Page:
Uluru (formerly known as Ayer’s Rock) is the monolithic heart of Australia’s Outback, a vast red rock that epitomises the untamed otherworldliness of the country’s Northern Territory, and the undoubted highlight of visiting the Red Centre region.
You might be thinking that it’s just a rock in the middle of nowhere – what’s the big deal? So much of the magic of Uluru is being in its presence, witnessing its colours shift and ebb at sunrise and sunset, and watching the stars emerge overhead as night falls.
Here are some facts that might convince you to take the long trip to Australia’s red heart.
1. The rock as we know it today was created over a period of 600 million years. This means it was there, in some form, since before single-celled organisms emerged from the sea to evolve into animal life. Europeans didn’t discover it until 1872.
2. Uluru started life as sand washed inland by a river system. Today it stands 1,100 feet over the red plains around it, which makes it taller than the Eiffel Tower.
3. What we see above ground is only a fraction of the whole rock. Underground it reaches some 8,200 feet down (although nobody really knows for sure). To put that into perspective, the deepest London Underground station (Hampstead) is a mere 192 feet below the city surface.
4. Uluru is 5.8 miles around the base, meaning it would take Mo Farah approximately 25 minutes to complete a single lap (although he probably wouldn’t appreciate the running conditions).
5. The site is sacred to the indigenous people, who have lived around Uluru for around 10,000 years. This means they were living there while the mammoths were going extinct in Eurasia and North America. Although it isn’t officially prohibited, the indigenous people ask that visitors do not climb the rock.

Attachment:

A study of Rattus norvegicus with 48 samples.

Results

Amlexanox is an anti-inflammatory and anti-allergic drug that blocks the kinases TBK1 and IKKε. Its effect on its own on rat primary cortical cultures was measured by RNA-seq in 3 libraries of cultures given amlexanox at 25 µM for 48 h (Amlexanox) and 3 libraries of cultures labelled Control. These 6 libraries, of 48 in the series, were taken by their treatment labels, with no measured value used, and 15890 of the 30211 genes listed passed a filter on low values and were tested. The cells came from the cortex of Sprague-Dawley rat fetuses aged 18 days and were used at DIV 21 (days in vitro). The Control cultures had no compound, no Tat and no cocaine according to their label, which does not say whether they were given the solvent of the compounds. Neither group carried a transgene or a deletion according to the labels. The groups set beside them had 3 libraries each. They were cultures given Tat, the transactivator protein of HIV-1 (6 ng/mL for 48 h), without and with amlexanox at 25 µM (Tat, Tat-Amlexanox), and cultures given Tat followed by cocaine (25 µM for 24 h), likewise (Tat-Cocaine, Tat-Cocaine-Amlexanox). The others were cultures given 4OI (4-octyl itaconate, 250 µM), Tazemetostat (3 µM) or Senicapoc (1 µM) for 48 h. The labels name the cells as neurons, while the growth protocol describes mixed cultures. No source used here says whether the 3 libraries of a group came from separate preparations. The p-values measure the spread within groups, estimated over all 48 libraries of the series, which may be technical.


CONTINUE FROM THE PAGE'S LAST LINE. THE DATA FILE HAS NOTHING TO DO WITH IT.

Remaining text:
The Best Ways to Experience Uluru
There are so many different ways to experience Uluru, but these are our top five:
1. Walk all or part of the base. You can either do it yourself (take plenty of water) or take a guided walk to learn more about the stories from the traditional owners.
2. See it from atop a camel. Uluru Camel Tours offers a range of different options, but all tours are escorted by guides who tell you all about Uluru, the wider region, and how camels came to play such an important role in the development of outback Australia.
3. From the air. Uluru Skydive offers tandem jumps, giving you a very different perspective on Uluru, Kata Tjuta and the National Park.
4. By bike. Outback Cycles offers bike hire or guide-led cycling around Uluru.
5. By Segway. A very different way to travel around the national park! Uluru Segway Tours offers guided trips of different durations.
Note: As of October 2019 tourists will no longer be able to climb Uluru due to the wishes of the traditional owners.
How to Get to Uluru
The best way to visit Uluru is to take a tour from Alice Springs, though longer tours are also available from Darwin, the NT’s capital. If you’re short on time, you can fly to Alice Springs or Uluru in a couple of hours from most other Australian cities.